March 11

"They're not out to make good music. They're out to make good television."

This was uttered by a good friend of mine, Colin Anderson. In college, we were in the same a cappella group, making good music and putting on good shows before the age of "American Idol".

By the time this column goes live, "Idol" would have named its own little cadre of musicality, the final 12 participants, and the bumpy road to Nokia Theatre LA Live - and for at least one warm body, superstardom, if only on paper - would have begun. Americans of all makes, models, and creeds will have already taken up sides as pop music from the last 50 years is whittled and condensed to a couple of months and a dozen rank amateurs.

Pardon me if I'm not that excited. I mean, the American Idol of 2010 is not the American Idol of 2002, back when the show was on in the summer, and it meant something.

In 2002, "Idol" was just a summer show that Fox picked up from England to fill two nights a week with programming on the cheap. In 2002, Simon Cowell was just an A&R guy for BMG, whose then-parent company happened to be the distant relative of the production company (BMG was owned by Bertelsmann AG before the Sony purchase; Bertelsmann also owns a majority stake in RTL, the parent company of FremantleMedia, producer of "Idol"). And in 2002, the big story stemming from the show was of a Texas waitress's meteoric rise of her coronation single from #52 to #1. However big that was, were it not for Final Jeopardy!, I probably wouldn't have known that fact.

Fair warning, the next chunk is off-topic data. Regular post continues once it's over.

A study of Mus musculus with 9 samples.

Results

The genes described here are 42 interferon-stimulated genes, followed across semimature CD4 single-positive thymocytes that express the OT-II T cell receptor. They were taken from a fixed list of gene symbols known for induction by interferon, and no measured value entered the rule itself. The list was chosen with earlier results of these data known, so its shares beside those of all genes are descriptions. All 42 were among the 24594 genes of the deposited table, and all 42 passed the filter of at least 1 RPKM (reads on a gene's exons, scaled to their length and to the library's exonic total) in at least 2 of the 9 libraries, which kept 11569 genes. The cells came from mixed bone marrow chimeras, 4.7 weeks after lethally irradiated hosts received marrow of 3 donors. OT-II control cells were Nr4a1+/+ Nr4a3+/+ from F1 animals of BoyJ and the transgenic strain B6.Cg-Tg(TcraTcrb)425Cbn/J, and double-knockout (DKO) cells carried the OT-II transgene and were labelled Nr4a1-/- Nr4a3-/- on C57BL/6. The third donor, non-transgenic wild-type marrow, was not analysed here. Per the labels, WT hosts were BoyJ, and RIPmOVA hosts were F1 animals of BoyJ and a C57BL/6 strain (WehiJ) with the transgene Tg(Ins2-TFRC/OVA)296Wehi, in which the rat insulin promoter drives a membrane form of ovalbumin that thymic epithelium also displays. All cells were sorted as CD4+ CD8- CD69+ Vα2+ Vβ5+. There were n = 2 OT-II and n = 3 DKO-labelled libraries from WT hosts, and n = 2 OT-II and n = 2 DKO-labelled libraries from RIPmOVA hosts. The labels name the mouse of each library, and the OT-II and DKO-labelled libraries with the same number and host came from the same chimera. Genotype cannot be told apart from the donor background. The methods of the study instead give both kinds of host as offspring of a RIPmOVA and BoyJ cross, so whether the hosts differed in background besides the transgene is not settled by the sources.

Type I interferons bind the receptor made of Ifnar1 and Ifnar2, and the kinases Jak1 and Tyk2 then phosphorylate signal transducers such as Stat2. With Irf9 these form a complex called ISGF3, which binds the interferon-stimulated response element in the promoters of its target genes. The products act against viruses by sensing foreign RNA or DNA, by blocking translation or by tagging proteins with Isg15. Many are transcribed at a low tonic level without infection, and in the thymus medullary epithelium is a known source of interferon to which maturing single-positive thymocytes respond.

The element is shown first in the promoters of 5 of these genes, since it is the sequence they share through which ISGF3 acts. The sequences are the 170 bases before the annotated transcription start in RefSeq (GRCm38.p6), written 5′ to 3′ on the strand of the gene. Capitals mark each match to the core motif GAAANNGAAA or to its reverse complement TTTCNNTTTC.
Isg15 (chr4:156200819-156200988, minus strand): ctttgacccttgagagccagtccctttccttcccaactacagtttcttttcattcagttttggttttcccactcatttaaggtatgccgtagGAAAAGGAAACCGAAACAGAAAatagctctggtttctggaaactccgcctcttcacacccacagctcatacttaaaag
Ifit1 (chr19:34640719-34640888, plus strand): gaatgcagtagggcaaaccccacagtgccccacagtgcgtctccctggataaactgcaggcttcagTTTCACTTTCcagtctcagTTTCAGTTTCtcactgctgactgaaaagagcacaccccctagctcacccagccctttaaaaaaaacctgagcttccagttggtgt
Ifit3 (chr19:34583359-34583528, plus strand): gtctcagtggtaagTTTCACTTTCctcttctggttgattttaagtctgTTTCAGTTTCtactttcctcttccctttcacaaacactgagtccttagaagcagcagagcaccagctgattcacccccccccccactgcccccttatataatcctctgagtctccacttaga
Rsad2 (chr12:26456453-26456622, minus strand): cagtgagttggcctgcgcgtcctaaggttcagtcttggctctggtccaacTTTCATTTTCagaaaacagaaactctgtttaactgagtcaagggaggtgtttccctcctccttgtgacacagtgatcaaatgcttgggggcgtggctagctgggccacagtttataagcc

Fast-forward to 2003, where a closer-than-close final resulted in both winner and runner-up achieving superstardom beyond their imagination, only to have it fizzle that quickly. And it seems as time goes by, careers of the champions go by quicker. Carrie Underwood is the lone exception that proves the rule, while the jury is still out on David Cook and Kris Allen, who pocketed $650,000 as a result of winning "American Idol", compared to the $1 million contract that Kelly Clarkson won when the show first premiered.

Take it back to the title of the series: "American Idol: Search for a Superstar". We haven't gotten many stories about the rise of the champions, but we've gotten more than our fill of judges entering, judges leaving, people alleging fix, people denying fix, people going through the backgrounds of the contestants with a fine-toothed comb. And they're not even contestants anymore. Starting with the final 12, they're now salaried employees of 19 Ltd. You're no longer voting someone off, as you're telling Simon Fuller who to fire.

Some superstar.

And almost as big as the show has become, the audience - and therefore the voting numbers - have dropped.

"American Idol" has just gotten too big. But not so big that a win means a guaranteed career. Were I not part of the coverage for the show, I could probably pick apart one or two good singers, leaving the so-so singers in a nebulous blur.

"They're not out to make good music. They're out to make good television."

I wonder what Taylor Hicks' idea of good television is. It probably isn't this after nine years.

Game Show Alphabet Redux

I'm reasonably sure that we're up to "O" this week. And with a glut of hidden camera games out there (thank you, GSN), I think it's high time we go to a show that did it right.

Regan Burns hosted "Oblivious" for two seasons before Spike gave it the heave-ho in 2004. The premise was simple... you meet a strange fellow who asks you five questions, then he reveals that you're on a game show and that each question you answered correctly won you money. It was so simple, a guy dressed up like a caveman could do it.

I don't recall such an episode taking place, but there you go.

More information: http://en.wikipedia.org/wiki/Oblivious

Chico Alexander thought about auditioning for American Idol back after college in 2002. E-mail him at chico@gameshownewsnet.com.